By Frances Bernards
You don’t have to be a mad scientist to either make your own household cleaner or purchase cleaners that are good for you and the environment. It’s very confusing to choose the best cleaners when confronted with labels that say “natural” or “environmentally-friendly” in the grocery store; how can you distinguish between what’s truly good for you and the
environment from what’s being “green-washed?”
One way to keep from being “green-washed” is to look for third-party verification symbols when shopping for household cleaners. If a company says its household cleaner is good for the environment, your first thought should be, “who else says so?” I look for labels from groups like EPA’s Design for the Environment, Green Good Housekeeping Seal, Green Seal, or EcoLogo. These independent or nonprofit organizations have investigated the manufacturer’s claim so I don’t have to. Check out Consumer Report’s Greener Choices program. It includes an Eco-label center that provides consumers with an evaluation of labels on personal care products and household cleaners as well as food.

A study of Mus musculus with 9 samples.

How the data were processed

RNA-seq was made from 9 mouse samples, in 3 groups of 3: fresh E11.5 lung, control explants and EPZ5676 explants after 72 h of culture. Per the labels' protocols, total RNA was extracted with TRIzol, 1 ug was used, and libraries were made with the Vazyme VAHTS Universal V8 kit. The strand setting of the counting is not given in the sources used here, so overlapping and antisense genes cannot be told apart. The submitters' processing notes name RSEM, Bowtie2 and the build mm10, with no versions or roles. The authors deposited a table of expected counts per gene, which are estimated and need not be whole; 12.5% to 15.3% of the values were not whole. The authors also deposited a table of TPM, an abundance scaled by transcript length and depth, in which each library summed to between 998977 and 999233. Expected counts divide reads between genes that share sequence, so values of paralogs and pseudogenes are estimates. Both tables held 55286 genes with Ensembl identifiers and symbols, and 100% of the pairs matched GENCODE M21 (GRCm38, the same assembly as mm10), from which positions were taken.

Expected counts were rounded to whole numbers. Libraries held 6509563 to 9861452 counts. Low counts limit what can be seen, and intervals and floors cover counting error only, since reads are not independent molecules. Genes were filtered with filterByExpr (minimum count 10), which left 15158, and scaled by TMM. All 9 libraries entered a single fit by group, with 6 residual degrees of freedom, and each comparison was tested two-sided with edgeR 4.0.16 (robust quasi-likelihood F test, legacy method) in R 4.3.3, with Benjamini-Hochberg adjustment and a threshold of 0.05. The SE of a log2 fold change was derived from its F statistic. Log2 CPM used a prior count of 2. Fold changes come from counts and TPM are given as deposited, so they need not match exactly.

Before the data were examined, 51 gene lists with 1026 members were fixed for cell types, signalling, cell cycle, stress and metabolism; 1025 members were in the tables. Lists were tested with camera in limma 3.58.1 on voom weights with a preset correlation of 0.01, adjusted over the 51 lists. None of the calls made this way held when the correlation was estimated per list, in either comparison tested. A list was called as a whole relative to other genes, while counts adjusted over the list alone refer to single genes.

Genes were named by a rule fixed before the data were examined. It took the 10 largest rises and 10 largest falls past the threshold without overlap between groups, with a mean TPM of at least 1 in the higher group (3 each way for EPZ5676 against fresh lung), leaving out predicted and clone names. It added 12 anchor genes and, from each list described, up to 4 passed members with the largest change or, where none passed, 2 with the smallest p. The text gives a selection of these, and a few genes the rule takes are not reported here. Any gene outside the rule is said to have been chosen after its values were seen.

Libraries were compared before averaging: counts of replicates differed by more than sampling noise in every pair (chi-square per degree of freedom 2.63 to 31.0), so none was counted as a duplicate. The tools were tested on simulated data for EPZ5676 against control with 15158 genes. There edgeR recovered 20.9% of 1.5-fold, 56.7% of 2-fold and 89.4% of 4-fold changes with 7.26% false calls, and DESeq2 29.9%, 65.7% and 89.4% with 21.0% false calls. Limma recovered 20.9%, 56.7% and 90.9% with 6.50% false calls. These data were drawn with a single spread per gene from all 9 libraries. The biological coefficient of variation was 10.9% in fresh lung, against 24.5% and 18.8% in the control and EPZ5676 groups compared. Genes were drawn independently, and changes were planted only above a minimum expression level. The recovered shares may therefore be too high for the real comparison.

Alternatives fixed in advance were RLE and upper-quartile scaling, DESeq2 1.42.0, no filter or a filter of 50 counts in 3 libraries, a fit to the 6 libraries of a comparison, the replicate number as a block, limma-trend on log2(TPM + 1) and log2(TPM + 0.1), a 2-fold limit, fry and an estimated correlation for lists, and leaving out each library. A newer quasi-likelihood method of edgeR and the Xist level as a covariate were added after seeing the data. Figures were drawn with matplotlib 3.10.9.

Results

Needless to say, making your own household cleaner is probably the greenest option of all. Here’s a recipe for an effective kitchen degreaser:
- Fill a 24 ounce (approximate) spray bottle with half water and half vinegar.
- Add 1 T. Castile Soap (Dr. Bronner’s or other) and 1 T. Citrus Cleaner (Citra-Solv or other). You can purchase a citrus cleaner at your local grocery store (I know Smith’s has it) as well as at Whole Foods Markets.
That’s all there is to it, simple!
You can keep your house—and the environment—clean by taking these few simple steps. Check out Consumer Report’s Homemade Household Cleaners for more recipes or look for the green labels you can trust. Happy green cleaning!
I am an environmental scientist working in DEQ’s Office of Planning and Public Affairs providing businesses with pollution prevention and sustainability resources as well as technical assistance. Outside of work, I am an avid mountain/road biker and skier, and I enjoy the music scene in Salt Lake City.